Discussion in 'Night, InfraRed, and UltraViolet Photography' started by cdnpilot, Sep 1, 2018.

  1. Believed to be the cosmic fire of creation by the Maya of Mesoamerica, M42 blazes brightly in the constellation Orion. Popularly called the Orion Nebula, this stellar nursery has been known to many different cultures throughout human history. The nebula is only 1,500 light-years away, making it the closest large star-forming region to Earth and giving it a relatively bright apparent magnitude of 4. Because of its brightness and prominent location just below Orion’s belt, M42 can be spotted with the naked eye, while offering an excellent peek at stellar birth for those with telescopes. It is best observed during January. This is a compilation of approximately 7 hours of photographs that I took in with my D500.

    Thanks for sharing it.

    Cheers,
    alexis and Georgie Beagle

    "nice shooting. 7 hours??? you are really good at guiding! and had some clear air!" - Georgie Beagle
     
  3. Butlerkid

    Butlerkid Cafe Ambassador Moderator

    Apr 8, 2008
    Rutledge, Tennessee
    Karen
    Wow! Impressive image, Kevin!
     
  4. Thanks!
     
  5. kilofoxtrott

    kilofoxtrott European Ambassador Moderator

    Dec 29, 2011
    Tettnang, Germany
    Kevin, what an awesome picture.
    A friend of mine from our local photo club and I like to start astro photography this year.
    Will you give some advice of the processing please? 7 hours... How?

    Thank you in advance
    Klaus
     
  6. Thanks Klaus! It has taken me 5 years to get to this point - and as I may have said in the past posts, 50% if actually taking the photo and 50% processing it.

    First for the hardware, I have a dedicated setup (observatory in my backyard) which makes starting and stopping easy - but not necessary. Since the earth is rotating at 15 arc-seconds a minute - you will need a way to track this - especially for DSO (deep space objects). Without tracking, about 30-45 seconds is all you will get until the stars become oblong. StarGuider is an option for that (I know I read a post here with someone using one). For me, I use PHD2, a second camera, guide scope and computer hooked to my 8" Meade LX200 GPS.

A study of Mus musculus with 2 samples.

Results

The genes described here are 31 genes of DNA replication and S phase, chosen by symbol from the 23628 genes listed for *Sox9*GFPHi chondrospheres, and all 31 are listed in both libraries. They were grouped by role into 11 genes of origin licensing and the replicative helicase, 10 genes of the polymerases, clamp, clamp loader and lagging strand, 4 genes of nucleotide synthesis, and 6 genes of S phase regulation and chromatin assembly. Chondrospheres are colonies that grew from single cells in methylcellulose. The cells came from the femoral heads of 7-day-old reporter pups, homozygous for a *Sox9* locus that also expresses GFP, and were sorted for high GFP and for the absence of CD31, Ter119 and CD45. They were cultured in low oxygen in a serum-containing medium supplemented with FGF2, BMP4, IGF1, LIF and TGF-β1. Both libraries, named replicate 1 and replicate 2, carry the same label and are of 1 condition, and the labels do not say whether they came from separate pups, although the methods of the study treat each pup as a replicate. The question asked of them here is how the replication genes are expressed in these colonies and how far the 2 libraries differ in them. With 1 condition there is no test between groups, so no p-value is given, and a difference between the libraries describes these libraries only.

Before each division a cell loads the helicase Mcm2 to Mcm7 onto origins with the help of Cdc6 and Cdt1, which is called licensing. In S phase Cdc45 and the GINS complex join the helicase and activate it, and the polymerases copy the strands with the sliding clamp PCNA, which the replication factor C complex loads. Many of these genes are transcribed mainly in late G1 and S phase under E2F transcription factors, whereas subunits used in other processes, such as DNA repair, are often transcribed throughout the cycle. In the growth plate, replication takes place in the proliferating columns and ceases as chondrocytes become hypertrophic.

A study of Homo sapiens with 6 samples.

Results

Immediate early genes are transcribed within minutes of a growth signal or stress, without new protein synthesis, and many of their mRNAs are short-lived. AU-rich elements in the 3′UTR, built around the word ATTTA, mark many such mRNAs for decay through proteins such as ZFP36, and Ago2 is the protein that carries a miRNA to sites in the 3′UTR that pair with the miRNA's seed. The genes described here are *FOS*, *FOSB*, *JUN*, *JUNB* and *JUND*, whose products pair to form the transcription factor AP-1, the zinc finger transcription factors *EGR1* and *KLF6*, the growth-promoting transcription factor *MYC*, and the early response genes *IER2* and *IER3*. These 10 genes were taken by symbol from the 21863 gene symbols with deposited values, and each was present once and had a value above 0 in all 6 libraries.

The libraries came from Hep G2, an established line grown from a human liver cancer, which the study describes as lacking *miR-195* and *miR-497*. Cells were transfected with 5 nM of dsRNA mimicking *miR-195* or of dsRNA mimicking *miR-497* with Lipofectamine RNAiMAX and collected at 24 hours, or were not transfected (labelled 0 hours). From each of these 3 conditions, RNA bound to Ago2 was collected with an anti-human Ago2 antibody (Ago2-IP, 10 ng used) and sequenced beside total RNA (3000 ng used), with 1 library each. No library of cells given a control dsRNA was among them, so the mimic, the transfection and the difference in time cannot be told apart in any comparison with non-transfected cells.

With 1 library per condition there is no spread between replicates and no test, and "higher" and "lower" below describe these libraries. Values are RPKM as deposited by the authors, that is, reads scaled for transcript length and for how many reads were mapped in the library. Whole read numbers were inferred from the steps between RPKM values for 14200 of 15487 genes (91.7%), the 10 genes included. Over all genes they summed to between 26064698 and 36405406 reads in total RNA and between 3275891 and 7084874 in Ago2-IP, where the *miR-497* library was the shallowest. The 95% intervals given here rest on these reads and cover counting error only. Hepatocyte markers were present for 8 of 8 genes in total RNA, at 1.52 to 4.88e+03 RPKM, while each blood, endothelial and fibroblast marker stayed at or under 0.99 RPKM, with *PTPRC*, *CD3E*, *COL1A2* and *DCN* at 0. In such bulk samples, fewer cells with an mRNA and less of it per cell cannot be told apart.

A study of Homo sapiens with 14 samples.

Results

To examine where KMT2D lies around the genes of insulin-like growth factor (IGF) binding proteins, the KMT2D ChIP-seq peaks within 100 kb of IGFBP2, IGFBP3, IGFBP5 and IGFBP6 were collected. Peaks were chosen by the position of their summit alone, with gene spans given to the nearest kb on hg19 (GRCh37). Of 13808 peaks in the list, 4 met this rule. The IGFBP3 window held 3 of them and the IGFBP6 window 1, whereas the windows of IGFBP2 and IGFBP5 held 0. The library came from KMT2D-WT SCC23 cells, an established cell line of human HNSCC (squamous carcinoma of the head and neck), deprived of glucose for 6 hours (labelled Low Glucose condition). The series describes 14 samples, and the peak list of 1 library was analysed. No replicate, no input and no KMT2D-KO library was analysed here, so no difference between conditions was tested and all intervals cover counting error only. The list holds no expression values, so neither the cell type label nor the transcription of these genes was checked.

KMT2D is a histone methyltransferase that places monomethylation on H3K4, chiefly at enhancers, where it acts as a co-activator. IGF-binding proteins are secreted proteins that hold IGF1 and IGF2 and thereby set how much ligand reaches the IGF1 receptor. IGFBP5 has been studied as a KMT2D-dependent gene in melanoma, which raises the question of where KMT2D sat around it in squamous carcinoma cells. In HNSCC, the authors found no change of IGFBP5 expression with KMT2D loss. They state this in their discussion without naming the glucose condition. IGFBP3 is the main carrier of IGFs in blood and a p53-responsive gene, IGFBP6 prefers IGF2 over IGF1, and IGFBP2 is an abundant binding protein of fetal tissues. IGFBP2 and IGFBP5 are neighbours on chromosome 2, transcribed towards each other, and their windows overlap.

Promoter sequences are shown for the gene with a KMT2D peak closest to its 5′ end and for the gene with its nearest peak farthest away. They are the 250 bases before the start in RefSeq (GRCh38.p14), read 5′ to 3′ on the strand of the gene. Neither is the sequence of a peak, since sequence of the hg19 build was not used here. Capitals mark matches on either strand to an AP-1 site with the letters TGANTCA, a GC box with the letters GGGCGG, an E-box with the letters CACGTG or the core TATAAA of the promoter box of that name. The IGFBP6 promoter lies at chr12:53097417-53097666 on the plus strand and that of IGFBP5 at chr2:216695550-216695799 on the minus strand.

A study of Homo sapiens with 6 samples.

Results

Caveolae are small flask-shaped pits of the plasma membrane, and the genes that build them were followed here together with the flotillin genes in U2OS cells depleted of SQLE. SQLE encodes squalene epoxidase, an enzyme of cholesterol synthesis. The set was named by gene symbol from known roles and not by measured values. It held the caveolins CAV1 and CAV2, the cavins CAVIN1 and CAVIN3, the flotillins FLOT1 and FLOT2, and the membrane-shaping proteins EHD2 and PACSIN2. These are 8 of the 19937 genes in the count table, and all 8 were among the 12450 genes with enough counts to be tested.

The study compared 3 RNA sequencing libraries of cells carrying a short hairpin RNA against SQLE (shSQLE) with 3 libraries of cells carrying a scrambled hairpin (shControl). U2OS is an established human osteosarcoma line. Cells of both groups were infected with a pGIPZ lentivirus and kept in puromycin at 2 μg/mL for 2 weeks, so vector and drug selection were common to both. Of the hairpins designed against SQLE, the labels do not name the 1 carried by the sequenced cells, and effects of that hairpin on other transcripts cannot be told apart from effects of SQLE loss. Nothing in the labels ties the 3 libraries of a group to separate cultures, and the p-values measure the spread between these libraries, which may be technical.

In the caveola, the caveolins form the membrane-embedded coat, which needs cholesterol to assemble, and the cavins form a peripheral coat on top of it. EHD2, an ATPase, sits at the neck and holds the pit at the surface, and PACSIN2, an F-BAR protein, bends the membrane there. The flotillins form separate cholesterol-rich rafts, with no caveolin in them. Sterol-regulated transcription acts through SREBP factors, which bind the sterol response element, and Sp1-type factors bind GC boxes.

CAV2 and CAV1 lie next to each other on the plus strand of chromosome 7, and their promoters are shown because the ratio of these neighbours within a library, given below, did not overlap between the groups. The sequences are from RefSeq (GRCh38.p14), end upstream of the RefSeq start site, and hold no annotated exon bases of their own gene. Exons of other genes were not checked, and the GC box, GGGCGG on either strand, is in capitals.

Processing - there are those who only use PS, but my success with that was zero. The 7 hours of processing were photos of - I believe - 5-6 minutes each. After you take the subs, you then need to add darks, flats and bias photos to create 1 photo. The short answer is that darks pick up the sensor noise; flats take out the dust bunnies and the like; and bias gets the electronic noise in the camera. One you have those, you need to calibrate, align and stack the photos. There are a number of options out there - including DSS (Deep Sky Stacker I think is the name) which is free (I do not use this). No matter what you use it will go through its work and then create your final photo - which will probably look like garbage (attached file below) - you can just barely see something in the middle. That is when the fun starts!

    A couple years back I bought a copy of PixInsight. Wow... if you think PS has a steep learning curve try this but it is THE gold standard in astro photo processing. I would try to use it - get ticked off and walk away. Then I would come back... Well, I have about 4 weeks off right now from my photo company, so I tackled it again... and now I GET IT! I feel like a kid in a candy shop - now going back to post process some of the photos as far back as 2015... well, some of those captures leave a lot to be desired.

    M42 was done last November - and with stretching and noise reduction processes and a whole lot more, what I posted above is what came out of the photo below.

    Sorry for the verbose answer - but any help I can give, please ask!

    M42-start.jpg

    kilofoxtrott European Ambassador Moderator

    Dec 29, 2011
    Tettnang, Germany
    Thank you Kevin, your post is very informative.
    I'll work on it in the next time.

    Thank you for offering your help
    Klaus
     
     
  9. Kevin,

    Incredible persistence with stunning results! Amazing!
     
  10. Thanks! Lol... patience has never been a quality I have... stubbornness ... well yeah...

    Thanks! I still have a long way to go on this....
     
  11. Jrose

    Jrose

    14
    Sep 4, 2018
    Excellent!
     
  12. Very impressive, that looks like it belongs on a wall - and based on the equipment needed I will stick to simple Moon/star tracks shots :) 

    I took a course last year on night photography and the instructor similarly explained that combine photography and astronomy will require the right equipment depending what you want the end result to be.
     
  13. Thanks!

    Thanks! Don't let the equipment I use intimidate you. There are a few devices out there (Sky Watcher, iOptron for example) that you can attach to a tripod that track the earth's rotation. You then use your DSLR and lenses and there are a lot of targets that you can image. But, there are some things about terrestrial photography you have to forget when looking at astro photography. For example, AP depends on the number of light photons hitting your sensor; forget about ISO - it is not your friend ;)  There are a number of sites that talk about the optimum ISO vs read noise for different cameras. For my D500 I try to stick to 800. WARNING: it is very addictive!